Living with the Truth Stranger than Fiction This Is Not About What You Think Milligan and Murphy Making Sense

Sunday, 26 June 2016


Sign of the Times

They cast their shadows in bronze
at the end of their days:
tall and thin like Giacometti's men.

We stood erect but the sun was against us.

21 July 1989

In 1961, Beckett turned to the Italian sculptor Alberto Giacometti, his Left Bank drinking companion, for help in the run-up to a forthcoming Paris revival of “Godot.” Designing the tree confounded them both. “We spent the whole night in the studio with that plaster tree,” Giacometti said, “trying to make it sparser, smaller, the branches thinner. It never looked any good, and neither he nor I liked it. And we kept saying to each other, Perhaps like this ….” - Siobhan Bohnacker, 'Is that O.K., Mr Beckett?', The New Yorker, 4 December 2013.
The poet and artist met in 1937 and became renowned drinking partners in Montparnasse. Beckett said of the artist: “things were insolvable [for him], but that kept him going.” According to those who knew the pair their meetings consisted of mostly “pleasant silences”. - The Telegraph, 11 January 2016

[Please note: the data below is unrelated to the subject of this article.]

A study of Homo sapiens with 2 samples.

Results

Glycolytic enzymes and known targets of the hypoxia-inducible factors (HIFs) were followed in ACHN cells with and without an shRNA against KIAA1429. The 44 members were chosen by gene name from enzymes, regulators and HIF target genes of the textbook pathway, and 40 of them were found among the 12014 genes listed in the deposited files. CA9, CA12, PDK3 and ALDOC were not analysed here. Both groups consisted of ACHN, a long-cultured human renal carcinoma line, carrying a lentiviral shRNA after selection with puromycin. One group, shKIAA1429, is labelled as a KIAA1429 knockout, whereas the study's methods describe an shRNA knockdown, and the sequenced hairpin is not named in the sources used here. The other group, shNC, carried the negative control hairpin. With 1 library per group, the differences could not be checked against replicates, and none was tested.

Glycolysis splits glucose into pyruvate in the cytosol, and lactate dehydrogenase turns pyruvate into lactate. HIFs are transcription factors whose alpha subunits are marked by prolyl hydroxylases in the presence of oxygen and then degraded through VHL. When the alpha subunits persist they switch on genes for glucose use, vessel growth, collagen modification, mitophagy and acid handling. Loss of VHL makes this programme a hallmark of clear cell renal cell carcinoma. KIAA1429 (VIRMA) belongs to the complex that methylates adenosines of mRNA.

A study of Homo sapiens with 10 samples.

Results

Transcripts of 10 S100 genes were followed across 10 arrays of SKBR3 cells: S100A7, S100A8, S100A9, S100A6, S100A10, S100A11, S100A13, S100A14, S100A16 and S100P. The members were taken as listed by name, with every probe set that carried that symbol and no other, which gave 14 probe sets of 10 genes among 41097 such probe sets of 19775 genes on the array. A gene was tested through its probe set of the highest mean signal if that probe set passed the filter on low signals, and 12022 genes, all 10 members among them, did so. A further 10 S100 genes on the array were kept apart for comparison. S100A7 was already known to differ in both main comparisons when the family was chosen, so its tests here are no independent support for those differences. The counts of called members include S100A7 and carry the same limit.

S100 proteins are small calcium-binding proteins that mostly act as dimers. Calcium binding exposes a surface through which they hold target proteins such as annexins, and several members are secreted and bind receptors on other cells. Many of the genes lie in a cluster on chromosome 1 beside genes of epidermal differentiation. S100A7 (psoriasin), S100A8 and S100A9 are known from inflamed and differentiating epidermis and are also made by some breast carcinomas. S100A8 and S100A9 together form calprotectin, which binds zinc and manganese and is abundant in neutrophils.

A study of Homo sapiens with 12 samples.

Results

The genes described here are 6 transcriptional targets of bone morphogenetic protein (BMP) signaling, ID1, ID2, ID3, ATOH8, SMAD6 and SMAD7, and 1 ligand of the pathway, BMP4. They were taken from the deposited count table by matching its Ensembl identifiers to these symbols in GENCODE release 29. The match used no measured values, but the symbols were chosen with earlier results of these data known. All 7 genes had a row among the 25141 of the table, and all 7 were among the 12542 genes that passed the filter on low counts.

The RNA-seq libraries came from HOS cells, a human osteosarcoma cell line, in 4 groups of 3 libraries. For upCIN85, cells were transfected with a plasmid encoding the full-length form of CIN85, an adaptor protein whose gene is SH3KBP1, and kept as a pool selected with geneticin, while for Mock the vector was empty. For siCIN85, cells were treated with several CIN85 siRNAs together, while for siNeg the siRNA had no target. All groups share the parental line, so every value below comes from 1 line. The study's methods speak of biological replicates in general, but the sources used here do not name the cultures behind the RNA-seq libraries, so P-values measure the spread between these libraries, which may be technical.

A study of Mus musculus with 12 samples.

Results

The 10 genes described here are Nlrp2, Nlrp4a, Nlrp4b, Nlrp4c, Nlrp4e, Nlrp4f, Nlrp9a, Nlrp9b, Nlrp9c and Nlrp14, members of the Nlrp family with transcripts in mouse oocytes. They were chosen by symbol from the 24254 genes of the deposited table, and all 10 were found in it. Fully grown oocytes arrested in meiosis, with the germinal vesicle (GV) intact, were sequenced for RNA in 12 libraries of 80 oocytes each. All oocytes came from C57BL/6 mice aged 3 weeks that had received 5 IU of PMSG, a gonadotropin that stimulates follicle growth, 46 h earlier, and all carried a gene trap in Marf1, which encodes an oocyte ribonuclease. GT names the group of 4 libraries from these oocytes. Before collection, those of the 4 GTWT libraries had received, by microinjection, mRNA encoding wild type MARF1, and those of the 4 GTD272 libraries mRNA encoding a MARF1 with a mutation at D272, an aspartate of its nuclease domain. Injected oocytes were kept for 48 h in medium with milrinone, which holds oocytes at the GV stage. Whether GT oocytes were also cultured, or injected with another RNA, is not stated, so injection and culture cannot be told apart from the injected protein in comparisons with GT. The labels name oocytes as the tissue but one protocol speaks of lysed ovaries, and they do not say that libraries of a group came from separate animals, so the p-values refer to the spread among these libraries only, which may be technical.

I've never been the biggest fan of Giacometti's work. Too ... knobbly. Give me a Henry Moore any day of the week. But as a visual metaphor it's perfect here. I, in my prime, the sun beating down on me, casting no shadow or not much of one imagine the greats standing before a setting sun. It's a simple image but I like it.


Kass said...

Lovely poem. It is nicely accompanied by Giacometti's work and "pleasant silences."

Jim Murdoch said...

There is, of course, an apocalyptic subtext here, Kass. I grew up constantly conscious of the signs of the times—wars, famine, pestilence, signs in the heavens—and there’s even one school of thought that argues (and not unreasonably) that we’re living in the end of days; we’re experiencing Armageddon every day of our lives.

Gwil W said...

I like this one very much.

Jim Murdoch said...

I'm glad you like it, Gwilym. I'm not saying it's perfect but it's one of those poems that I can't think what I might change to make it better. I've always admired 'In a Station of the Metro' for the same reason. Not one word out of place.